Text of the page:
Trial Of 15-Minute Ebola Test To Start in Guinea

A billboard with a message about Ebola is seen on a street in Conakry, Guinea October 26, 2014. REUTERS

A portable test that can detect the Ebola virus in blood and saliva samples within 15 minutes will go through a trial run in coming weeks in Guinea, one of the three countries affected by the Ebola virus outbreak in West Africa, researchers announced Friday.

The 15-minute test is roughly six times faster than currently available technologies. The trial will help researchers establish if the test can be scaled up and used more widely, according to the Wellcome Trust, a charity that is funding work on the test together with the British government.

The trial will also examine the safety and efficacy of the test. The prototype technology is about the size of a suitcase, making it smaller and more portable than existing technologies for testing Ebola; one oft-used current method involves using a PCR machine that is about twice the size of a desktop PC.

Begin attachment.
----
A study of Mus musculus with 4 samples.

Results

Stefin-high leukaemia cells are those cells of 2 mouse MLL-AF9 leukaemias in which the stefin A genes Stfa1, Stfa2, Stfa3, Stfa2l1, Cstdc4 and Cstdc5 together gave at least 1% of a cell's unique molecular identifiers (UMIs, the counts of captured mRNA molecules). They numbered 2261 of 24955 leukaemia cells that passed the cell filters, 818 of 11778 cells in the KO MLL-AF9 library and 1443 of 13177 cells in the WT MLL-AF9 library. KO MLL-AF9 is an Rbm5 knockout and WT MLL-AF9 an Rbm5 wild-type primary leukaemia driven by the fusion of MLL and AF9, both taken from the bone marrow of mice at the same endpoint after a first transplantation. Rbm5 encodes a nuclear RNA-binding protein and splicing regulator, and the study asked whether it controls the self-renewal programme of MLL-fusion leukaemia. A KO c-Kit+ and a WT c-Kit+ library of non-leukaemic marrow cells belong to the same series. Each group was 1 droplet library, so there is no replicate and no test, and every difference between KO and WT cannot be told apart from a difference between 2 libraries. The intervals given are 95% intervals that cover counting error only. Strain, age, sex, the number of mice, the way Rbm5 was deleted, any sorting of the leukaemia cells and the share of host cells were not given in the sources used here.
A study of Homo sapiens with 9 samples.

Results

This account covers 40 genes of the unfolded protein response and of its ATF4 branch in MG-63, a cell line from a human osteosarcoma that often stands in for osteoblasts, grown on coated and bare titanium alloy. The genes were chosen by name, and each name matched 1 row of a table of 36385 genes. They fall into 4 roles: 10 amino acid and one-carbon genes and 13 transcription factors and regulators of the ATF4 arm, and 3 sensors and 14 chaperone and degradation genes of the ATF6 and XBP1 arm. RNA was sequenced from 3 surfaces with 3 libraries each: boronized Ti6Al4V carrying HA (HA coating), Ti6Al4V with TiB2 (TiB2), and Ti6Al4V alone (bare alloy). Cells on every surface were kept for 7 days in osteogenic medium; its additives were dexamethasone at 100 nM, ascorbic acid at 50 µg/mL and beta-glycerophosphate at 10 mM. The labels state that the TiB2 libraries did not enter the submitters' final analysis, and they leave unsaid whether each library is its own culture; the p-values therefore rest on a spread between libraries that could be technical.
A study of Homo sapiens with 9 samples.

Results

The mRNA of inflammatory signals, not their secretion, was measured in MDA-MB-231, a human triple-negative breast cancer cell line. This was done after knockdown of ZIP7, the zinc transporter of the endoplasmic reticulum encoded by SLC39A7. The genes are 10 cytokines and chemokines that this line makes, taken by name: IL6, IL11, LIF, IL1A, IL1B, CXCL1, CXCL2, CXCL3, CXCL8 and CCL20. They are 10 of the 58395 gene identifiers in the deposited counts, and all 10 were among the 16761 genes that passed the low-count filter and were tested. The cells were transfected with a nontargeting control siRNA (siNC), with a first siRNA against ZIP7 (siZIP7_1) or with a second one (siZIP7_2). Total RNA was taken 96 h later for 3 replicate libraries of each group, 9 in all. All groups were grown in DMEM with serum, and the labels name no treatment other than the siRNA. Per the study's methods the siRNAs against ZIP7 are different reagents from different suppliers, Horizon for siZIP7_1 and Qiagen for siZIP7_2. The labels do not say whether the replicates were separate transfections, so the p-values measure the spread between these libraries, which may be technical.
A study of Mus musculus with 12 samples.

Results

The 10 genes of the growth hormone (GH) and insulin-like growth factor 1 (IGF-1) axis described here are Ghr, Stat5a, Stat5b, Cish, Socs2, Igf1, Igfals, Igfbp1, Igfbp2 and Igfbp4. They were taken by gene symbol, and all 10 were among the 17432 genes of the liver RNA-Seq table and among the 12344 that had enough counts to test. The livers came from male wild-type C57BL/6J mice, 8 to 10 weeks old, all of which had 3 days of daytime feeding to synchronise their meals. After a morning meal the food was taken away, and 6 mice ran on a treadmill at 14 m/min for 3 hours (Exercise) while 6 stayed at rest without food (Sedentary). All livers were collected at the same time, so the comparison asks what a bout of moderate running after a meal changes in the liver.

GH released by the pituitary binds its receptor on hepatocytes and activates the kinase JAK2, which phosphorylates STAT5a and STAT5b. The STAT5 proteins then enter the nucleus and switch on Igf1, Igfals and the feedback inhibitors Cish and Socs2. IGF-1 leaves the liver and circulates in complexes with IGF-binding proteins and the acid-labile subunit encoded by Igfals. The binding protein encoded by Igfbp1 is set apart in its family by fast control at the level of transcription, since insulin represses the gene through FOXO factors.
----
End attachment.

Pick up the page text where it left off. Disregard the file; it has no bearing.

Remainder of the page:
The test is also solar-powered and can work at room temperature, whereas existing methods often require cool temperatures that are hard to come by in the affected countries in West Africa, the statement noted.

"This pilot study is particularly promising because researchers have considered how to make the test suitable for use in remote field hospitals, where resources, such as electricity and cold storage, are often in short supply," said Val Snewin, a scientist with the Wellcome Trust.

Researchers did not specify how long the pilot study, which will be conducted in Guinea's capital Conakry, will take. The Ebola outbreak has killed more than 5,600 people in West Africa, according to the CDC, including 1,260 people in Guinea alone.

Like existing technologies, the new test works by searching for Ebola's genetic material. Faster diagnosis could save lives by allowing health workers to more quickly isolate infected patients, Snewin said. It could also prevent unaffected people with false-positives (for example, somebody with a fever from an unrelated condition) from traveling to an Ebola clinic where they might be at risk of being infected.